Congress calls a time-out on Internet taxes
The Internet is a booming marketplace. Internet sales, already reaching billions of dollars annually, likely will reach the hundreds of billions in the next decade.
The hows and whys of Web site audits
By now your company's Web site is up and running. Monthly "hit" reports show that more and more "visitors" (read: potential clients) are accessing your site.
DOJ antitrust guidelines for competitor collaboration. The Justice Department and the Federal Trade Commission October 1, 1999 released and sought comment on proposed guidelines for lawful and illegal collaboration among competitors.
Popular patents. The U.S. Patent and Trademark Office issued a record 151,024 patents in 1998, up 33% from 113,720 in 1997. For the sixth year in a row, IBM was the leading patentee, with 2,657 issued patents, up 54% from 1997.
John Augustyn offers these questions to sharpen our patent analyses. We welcome your suggestions of interesting intellectual property questions--with your suggested answers, for publication in following issues.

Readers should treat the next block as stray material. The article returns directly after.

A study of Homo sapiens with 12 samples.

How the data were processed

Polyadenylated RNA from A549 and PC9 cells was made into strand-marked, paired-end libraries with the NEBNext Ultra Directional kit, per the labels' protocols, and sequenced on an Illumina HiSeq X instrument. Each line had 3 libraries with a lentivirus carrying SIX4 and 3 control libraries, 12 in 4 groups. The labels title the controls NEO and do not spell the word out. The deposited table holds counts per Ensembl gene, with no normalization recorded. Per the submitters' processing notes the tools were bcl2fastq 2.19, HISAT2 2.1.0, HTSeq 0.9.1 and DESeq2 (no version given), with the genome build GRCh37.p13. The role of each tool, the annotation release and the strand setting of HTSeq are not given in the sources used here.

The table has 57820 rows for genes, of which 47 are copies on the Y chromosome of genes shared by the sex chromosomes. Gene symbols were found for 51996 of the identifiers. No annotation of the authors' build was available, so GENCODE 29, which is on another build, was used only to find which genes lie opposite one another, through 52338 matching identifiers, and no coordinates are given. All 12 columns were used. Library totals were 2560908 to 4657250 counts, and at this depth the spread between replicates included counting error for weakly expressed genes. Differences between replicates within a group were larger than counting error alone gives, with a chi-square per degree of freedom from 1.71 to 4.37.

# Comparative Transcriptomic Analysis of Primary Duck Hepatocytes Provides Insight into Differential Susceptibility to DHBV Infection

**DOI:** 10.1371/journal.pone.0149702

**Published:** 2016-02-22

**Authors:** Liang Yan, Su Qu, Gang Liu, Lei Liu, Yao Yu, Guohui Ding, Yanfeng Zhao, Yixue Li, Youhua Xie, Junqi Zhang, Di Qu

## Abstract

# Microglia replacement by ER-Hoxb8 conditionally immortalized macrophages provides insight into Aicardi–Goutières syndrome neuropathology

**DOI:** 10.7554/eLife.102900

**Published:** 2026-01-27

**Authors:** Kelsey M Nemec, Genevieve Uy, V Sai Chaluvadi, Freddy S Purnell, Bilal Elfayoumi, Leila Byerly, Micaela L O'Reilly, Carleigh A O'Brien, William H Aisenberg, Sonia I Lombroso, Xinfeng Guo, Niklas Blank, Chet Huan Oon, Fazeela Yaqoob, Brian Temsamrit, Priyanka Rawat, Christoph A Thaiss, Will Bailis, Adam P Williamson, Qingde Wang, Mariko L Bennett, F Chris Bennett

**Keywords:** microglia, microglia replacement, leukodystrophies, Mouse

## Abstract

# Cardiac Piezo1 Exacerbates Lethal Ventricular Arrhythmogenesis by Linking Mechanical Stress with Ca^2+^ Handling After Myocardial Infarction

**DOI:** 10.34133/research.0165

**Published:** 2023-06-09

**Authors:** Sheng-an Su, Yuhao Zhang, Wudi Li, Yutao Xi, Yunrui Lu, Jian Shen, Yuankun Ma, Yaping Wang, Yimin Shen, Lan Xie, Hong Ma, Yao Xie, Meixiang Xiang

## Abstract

Native American tribe insignia under study
Federal law requires the Patent and Trademark Office to study a variety of issues surrounding trademark protection for official insignia of federally and state recognized Native American tribes.
The “Online Copyright Infringement Liability Limitation Act”
An important piece of legislation was signed by President Clinton in October, the "Online Copyright Infringement Liability Limitation Act," passed as part of the "Digital Millennium Copyright Act" (Public Law 105-304), that affects Internet service providers and copyright holders that are infringed online.
Filing a document. To an intellectual property attorney, "filing a document" generally means ensuring the document is accepted by the proper government office, often the United States Patent and Trademark Office, the U.S. Copyright Office, or a foreign government office.
Safe IP: derivative infringement
Obtaining a patent, copyright, or trademark is no guarantee that you do not infringe. Your patented invention may be an improvement on an earlier patented invention, and read on the earlier patent's claims
States gain IP immunity
A narrow but consistent 5-4 majority of the U.S. Supreme Court has ruled that state sovereignty prevents suing a state for patent infringement or for unfair competition damages.